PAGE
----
Membracoidea (leafhoppers and treehoppers, Fig. 3), by far the most speciose of the auchenorrhynchan superfamilies, are characterized morphologically by the narrow costal space of the forewing, the large, transversely articulated metathoracic coxae, the elongate hind femora, the longitudinal rows of enlarged setae on the hind tibiae, and the presence of scutellar apodemes. The superfamily includes Cicadellidae (leafhoppers), a paraphyletic taxon that apparently gave rise to a lineage comprising the three currently recognized families of treehoppers (Melizoderidae, Aetalionidae, and Membracidae). A fifth family, Myerslopiidae, consists of two genera of small, flightless, litter-dwelling insects found only in New Zealand and Chile and thought to represent a distinct, relatively primitive lineage. Together, these groups comprise nearly 25,000 described species, currently grouped into about 3500 genera.

Membracoidea first appeared in the Jurassic, represented by the extinct family Karajassidae. These early membracoids were leafhopperlike insects with inflated faces (indicative of xylem feeding), and they retained a median ocellus and more primitive wing venation (forewing with CuAj free distally), but nevertheless had acquired the rows of enlarged setae on the hind tibia characteristic of modern leafhoppers. The first Cicadellidae appeared in the Lower Cretaceous. Treehoppers (Aetalionidae and Membracidae) make their first appearance in Tertiary age Mexican and Dominican amber.

The largest family, Cicadellidae [Fig. 3(10-13)], is characterized by the presence of four rows of enlarged, spinelike setae on the hind tibia, a peg-and-socket joint between the hind coxae, and the production of brochosomes. Membracidae [Fig. 3(15)], the next largest family, differ from Cicadellidae in having three or fewer rows of enlarged setae on the hind tibia, the male genital capsule with a lateral plate, and the pronotum enlarged, usually extended posteriorly over the scutellum and frequently bearing spines, horns, or other ornamentation. Like Membracidae, Aetalionidae [Fig. 3(14)]. have three or fewer setal rows on the hind tibia but differ in having the front femur fused to the trochanter, in having the scutellum completely exposed, and in having digitiform processes on the female genital capsule. Melizoderidae also resemble Membracidae but differ in having parapsidal clefts on the mesonotum. Myerslopiidae, thought to be the most primitive membracoid family, are bizarre, flightless insects with elytra-like forewings, vestigial ocelli, and a triangular mesocoxal meron resembling that of Cercopoidea. The phylogenetic status and relationships among the major lineages are only beginning to be understood.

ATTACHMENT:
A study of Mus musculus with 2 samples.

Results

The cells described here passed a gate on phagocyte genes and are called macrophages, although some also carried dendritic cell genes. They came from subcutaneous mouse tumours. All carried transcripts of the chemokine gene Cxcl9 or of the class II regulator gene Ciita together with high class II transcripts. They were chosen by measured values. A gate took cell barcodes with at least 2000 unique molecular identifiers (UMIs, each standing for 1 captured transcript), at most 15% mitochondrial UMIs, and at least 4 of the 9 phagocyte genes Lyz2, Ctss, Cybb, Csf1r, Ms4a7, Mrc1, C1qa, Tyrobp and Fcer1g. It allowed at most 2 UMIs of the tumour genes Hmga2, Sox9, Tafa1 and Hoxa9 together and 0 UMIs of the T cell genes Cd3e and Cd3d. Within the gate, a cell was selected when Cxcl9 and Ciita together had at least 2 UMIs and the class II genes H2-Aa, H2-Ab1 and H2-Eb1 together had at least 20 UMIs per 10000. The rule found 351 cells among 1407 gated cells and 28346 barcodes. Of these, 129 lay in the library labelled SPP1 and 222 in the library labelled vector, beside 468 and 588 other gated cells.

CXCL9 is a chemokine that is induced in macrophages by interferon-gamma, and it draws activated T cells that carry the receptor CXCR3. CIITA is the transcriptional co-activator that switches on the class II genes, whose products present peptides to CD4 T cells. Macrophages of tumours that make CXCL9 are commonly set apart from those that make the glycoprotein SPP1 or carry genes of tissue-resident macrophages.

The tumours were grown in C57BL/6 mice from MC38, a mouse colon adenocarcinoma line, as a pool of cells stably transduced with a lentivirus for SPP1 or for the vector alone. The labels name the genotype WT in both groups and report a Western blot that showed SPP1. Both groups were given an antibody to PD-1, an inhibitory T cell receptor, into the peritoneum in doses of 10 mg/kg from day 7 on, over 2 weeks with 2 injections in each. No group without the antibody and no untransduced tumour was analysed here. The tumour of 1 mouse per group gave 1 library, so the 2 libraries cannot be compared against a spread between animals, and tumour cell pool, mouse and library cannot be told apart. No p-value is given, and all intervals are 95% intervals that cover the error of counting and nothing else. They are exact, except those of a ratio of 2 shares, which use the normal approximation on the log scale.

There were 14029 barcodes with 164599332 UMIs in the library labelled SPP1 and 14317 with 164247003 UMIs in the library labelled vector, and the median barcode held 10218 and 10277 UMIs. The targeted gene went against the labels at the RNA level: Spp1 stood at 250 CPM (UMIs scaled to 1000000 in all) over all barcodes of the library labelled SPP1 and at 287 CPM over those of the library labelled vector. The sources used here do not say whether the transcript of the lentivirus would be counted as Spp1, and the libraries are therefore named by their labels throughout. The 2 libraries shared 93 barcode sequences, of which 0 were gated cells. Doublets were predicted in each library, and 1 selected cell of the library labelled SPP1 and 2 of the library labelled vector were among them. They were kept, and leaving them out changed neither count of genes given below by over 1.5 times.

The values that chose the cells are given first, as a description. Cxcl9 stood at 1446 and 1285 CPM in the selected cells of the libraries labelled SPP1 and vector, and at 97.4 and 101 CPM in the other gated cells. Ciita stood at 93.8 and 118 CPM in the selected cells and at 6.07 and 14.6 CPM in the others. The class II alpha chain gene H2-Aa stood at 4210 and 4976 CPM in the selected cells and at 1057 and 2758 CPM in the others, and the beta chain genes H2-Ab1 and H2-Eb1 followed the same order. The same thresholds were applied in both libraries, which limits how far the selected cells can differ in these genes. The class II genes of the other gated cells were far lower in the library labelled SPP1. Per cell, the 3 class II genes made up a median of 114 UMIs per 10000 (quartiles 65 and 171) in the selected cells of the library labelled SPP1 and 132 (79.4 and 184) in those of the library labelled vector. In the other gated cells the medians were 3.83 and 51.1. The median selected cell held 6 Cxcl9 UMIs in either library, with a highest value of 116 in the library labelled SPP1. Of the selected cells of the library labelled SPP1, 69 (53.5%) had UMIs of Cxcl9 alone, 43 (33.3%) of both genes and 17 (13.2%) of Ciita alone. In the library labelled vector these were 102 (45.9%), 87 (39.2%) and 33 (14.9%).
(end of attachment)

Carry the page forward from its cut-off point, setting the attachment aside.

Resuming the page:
Cicadellidae are unique among insects in producing bro-chosomes, which are minute proteinaceous granules synthesized in a specialized segment of the Malpighian tubules. After each molt, leafhoppers spread brochosomes over external surfaces of the body in an act known as anointing.

Rows of modified setae on the legs of leafhoppers are used to distribute the brochosomes during anointing and subsequent acts of grooming. The brochosome coating of nymphal and adult leafhoppers makes the integument extremely hydrophobic and protects leafhoppers from becoming entrapped in drops of water and their own often copious excreta.

Ant mutualism and parental care behavior are widespread among treehoppers [Membracidae and Aetalionidae, Fig. 3(15)]. Females of many species guard their eggs [Fig. 3(14)] and sometimes remain with the nymphs throughout their development. In the treehopper tribes Hoplophorionini and Aconophorini, ant mutualism was lost but parental care was retained. In these groups, females are often able to drive off invertebrate predators by buzzing the wings and/or using the hind legs to kick the intruder off the plant. Acoustic alarm signals produced by the nymphs trigger the mother's defensive response. Female Aconophora coat the stem of the host plant on either side of their egg masses with a sticky secretion that traps predators and parasitoids.

Most species of Membracoidea seem to have fairly narrow host and habitat requirements, and this has probably contributed to their remarkable diversity. Particularly notable are the large leafhopper faunas of temperate and tropical grasslands, where they are, by far, the most speciose component of the grass-feeding herbivore fauna. Many leafhopper species in deserts and dry grasslands are flightless or only occasionally produce winged individuals. This trait has presumably reduced gene flow among populations and facilitated speciation in some lineages. In temperate forests of the Northern Hemisphere, the leafhopper subfamily Typhlocybinae has diversified extensively through specialization on individual tree genera and species. In tropical forest canopies, the treehopper family Membracidae and the leafhopper subfamilies Idiocerinae and Typhlocybinae are particularly diverse. In Australia, the endemic fauna has radiated extensively on Eucalyptus. The North American treehopper tribe Smiliini has radiated extensively on oak (Quercus spp.).

Membracoidea are distributed worldwide. Among the five currently recognized families, Cicadellidae and Membracidae occur on all continents except Antarctica. Aetalionidae have a disjunct neotropical/oriental distribution, Melizoderidae are restricted to South America, and Myerslopiidae occur only in New Zealand and Chile. Most species and genera are restricted to a single continent; many tribes and subfamilies are also restricted to particular continents.